AUSTIN, Texas — The Texas attorney general's office is seeking to withhold or denying it has records related to the Republican official's appearance at a pro-Donald Trump rally that preceded the deadly riot at the U.S. Capitol.

Ken Paxton and his wife, state Sen. Angela Paxton, appeared at the Jan. 6 event in Washington, D.C., where the attorney general gave a speech touting his failed legal push to overturn Joe Biden's victory in the presidential election. Many in the crowd later marched on the Capitol, leading to the riot that temporarily disrupted Congress' certification of the election results and left five people dead.

Several news organizations, including The Associated Press, have since requested Paxton and his staff's communications from around that time, as well as records of the attorney general's travel to and from Washington, under the Texas Public Information Act.

The Austin American-Statesman, The Dallas Morning News, The Houston Chronicle, The San Antonio Express-News, The Texas Tribune and ProPublica are collaborating in an effort to obtain these records, according to a Thursday story from the Houston and Dallas newspapers.

But the attorney general's office has said there are no responsive records or that the requested material is exempt from disclosure. Short of a court intervening, it is Paxton's office that determines which records are public or confidential under Texas law.

Paxton, who has faced intense public scrutiny since his staff accused him of crimes last year, defended his office's handling of the records requests Thursday.

"Triggered Texas Fake News Cartel strikes again," he said on Twitter. "My office follows open records law. That's our policy. These 'journalists' didn't like what they got so they complain and spread misinformation. Pathetic."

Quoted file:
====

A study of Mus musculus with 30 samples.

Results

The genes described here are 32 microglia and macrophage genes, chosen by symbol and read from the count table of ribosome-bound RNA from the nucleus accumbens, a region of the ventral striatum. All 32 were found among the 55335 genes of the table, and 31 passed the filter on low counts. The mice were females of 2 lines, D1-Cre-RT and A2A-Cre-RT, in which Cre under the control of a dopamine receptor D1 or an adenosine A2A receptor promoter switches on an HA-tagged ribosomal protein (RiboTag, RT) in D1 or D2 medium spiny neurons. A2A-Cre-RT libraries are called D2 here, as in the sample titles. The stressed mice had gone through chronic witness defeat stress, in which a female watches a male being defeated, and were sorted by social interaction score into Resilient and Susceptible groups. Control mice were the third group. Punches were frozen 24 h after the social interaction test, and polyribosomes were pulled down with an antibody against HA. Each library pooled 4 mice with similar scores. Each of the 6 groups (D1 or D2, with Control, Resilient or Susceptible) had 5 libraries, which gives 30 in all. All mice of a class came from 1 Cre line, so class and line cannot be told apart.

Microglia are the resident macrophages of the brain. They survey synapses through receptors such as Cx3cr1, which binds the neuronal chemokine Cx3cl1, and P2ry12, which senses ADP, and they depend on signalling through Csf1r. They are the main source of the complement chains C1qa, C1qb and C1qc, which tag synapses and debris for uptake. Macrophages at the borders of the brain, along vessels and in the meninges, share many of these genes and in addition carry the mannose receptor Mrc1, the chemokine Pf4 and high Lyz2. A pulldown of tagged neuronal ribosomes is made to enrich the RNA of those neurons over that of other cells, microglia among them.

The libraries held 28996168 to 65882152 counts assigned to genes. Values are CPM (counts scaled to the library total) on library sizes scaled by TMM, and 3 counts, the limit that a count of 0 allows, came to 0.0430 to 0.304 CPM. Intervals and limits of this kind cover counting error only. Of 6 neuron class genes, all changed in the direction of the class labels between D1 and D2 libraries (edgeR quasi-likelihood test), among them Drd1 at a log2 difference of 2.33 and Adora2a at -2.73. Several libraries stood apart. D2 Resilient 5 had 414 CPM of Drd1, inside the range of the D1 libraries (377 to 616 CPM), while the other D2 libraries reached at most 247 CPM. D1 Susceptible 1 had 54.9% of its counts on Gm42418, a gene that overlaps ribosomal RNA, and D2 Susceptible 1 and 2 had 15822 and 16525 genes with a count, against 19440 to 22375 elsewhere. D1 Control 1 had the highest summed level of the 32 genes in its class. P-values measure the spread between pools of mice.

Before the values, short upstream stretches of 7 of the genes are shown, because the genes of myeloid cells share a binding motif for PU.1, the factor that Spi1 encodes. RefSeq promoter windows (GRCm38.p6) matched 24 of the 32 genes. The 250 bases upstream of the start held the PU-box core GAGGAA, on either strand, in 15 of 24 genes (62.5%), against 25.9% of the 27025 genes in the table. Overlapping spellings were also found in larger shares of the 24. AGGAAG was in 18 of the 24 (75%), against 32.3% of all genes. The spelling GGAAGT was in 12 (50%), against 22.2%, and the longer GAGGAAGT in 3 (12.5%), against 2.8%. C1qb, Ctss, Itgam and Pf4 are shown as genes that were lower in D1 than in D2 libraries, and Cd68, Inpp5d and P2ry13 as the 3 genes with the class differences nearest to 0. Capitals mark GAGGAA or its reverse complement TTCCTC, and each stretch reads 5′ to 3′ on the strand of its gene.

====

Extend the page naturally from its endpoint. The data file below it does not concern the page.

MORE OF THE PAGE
Paxton's office has in other instances produced and withheld documents in response to records requests.

For instance, it turned over material showing Paxton hired a supporter for a job reviewing the agency's law enforcement division. But it declined to release the presentation that man, a former ice cream executive and Paxton's one-time neighbor, gave on the day he was abruptly fired.

Last fall, eight of Paxton's top deputies accused him of bribery, abuse of office and other crimes in the service of another supporter, an Austin real estate developer who employs a woman with whom the attorney general allegedly had an extra-marital affair. The FBI is investigating those allegations.

The attorney general has also spent most of his time in office under a separate felony indictment. He pleaded not guilty in 2015 to three state securities fraud charges but is yet to face trial.